AUS: Wesfarmers clinches A$22bn deal for Coles

The diversified conglomerate Wesfarmers has reached an agreement with the board of Australian retail group Coles for a recommended cash and share takeover offer totalling around A$22bn (US$17.7bn).

The diversified conglomerate Wesfarmers has reached an agreement with the board of Australian retail group Coles for a recommended cash and share takeover offer totalling around A$22bn (US$17.7bn).


The offer comprises $4.00 in cash and 0.2843 of a share in Wesfarmers for each Coles share. Wesfarmers said that based on the closing price of $45.73 on 29 June, the offer values each Coles share at $17.25, inclusive of a final dividend of 25 cents per share. That represents a 7% premium to Coles’ latest closing price.


The Coles board unanimously recommended the offer and agreed to vote their shares in favour of the takeover. The deal is expected to be completed by October 2007.


Wesfarmers said investors in the combined company would “participate in the substantial benefits and uplift in earnings expected to flow as the planned Coles simplification, transformation and revitalisation programmes take effect”.


“The recommendation from the Coles board is a big step towards helping end the uncertainty for shareholders, employees, suppliers and customers surrounding the company’s ownership review,” said Wesfarmers managing director Richard Goyder. “With the resolution of the ownership issue now in prospect, employees will be better able to focus on their key task of improving business performance in a very competitive marketplace.”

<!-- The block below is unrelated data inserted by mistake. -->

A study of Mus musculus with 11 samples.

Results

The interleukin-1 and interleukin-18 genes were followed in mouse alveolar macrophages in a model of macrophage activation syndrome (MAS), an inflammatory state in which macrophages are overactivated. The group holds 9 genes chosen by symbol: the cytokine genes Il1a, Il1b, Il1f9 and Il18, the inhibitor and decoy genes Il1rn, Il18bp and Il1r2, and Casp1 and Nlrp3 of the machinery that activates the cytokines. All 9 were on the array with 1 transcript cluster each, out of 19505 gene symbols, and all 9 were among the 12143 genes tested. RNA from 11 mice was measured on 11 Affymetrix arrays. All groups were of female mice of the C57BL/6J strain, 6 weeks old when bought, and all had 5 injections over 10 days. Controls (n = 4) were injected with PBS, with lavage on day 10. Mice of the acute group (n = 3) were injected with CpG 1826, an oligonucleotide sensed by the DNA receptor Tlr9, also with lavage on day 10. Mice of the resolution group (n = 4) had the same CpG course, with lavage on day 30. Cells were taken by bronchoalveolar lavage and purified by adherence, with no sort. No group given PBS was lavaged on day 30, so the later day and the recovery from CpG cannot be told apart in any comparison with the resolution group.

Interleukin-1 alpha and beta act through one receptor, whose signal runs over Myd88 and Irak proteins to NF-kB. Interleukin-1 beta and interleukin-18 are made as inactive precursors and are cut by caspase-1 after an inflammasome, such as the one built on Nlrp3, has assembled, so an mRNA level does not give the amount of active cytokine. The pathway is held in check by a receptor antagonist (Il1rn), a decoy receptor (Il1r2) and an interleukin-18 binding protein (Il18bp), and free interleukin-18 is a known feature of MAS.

Goyder added that he believed it was important that this deal allowed Coles to remain an Australian company.


“There is a lot of work to be done to restore Coles to its rightful position in Australian retail but, from the outset, our interest in this opportunity has never waivered from the view that this is a very substantial and attractive addition to the Wesfarmers business,” Goyder said.


Wesfarmers emerged recently as the front-runner in the race to acquire Coles, which operates 3,000 supermarkets, as well as discount stores and an office supply chain, after other private equity bidders dropped out.


The deal will make the diversified conglomerate, which already operates the country’s largest DIY chain, Australia’s largest retail concern. The takeover itself will also be the largest in Australian corporate history.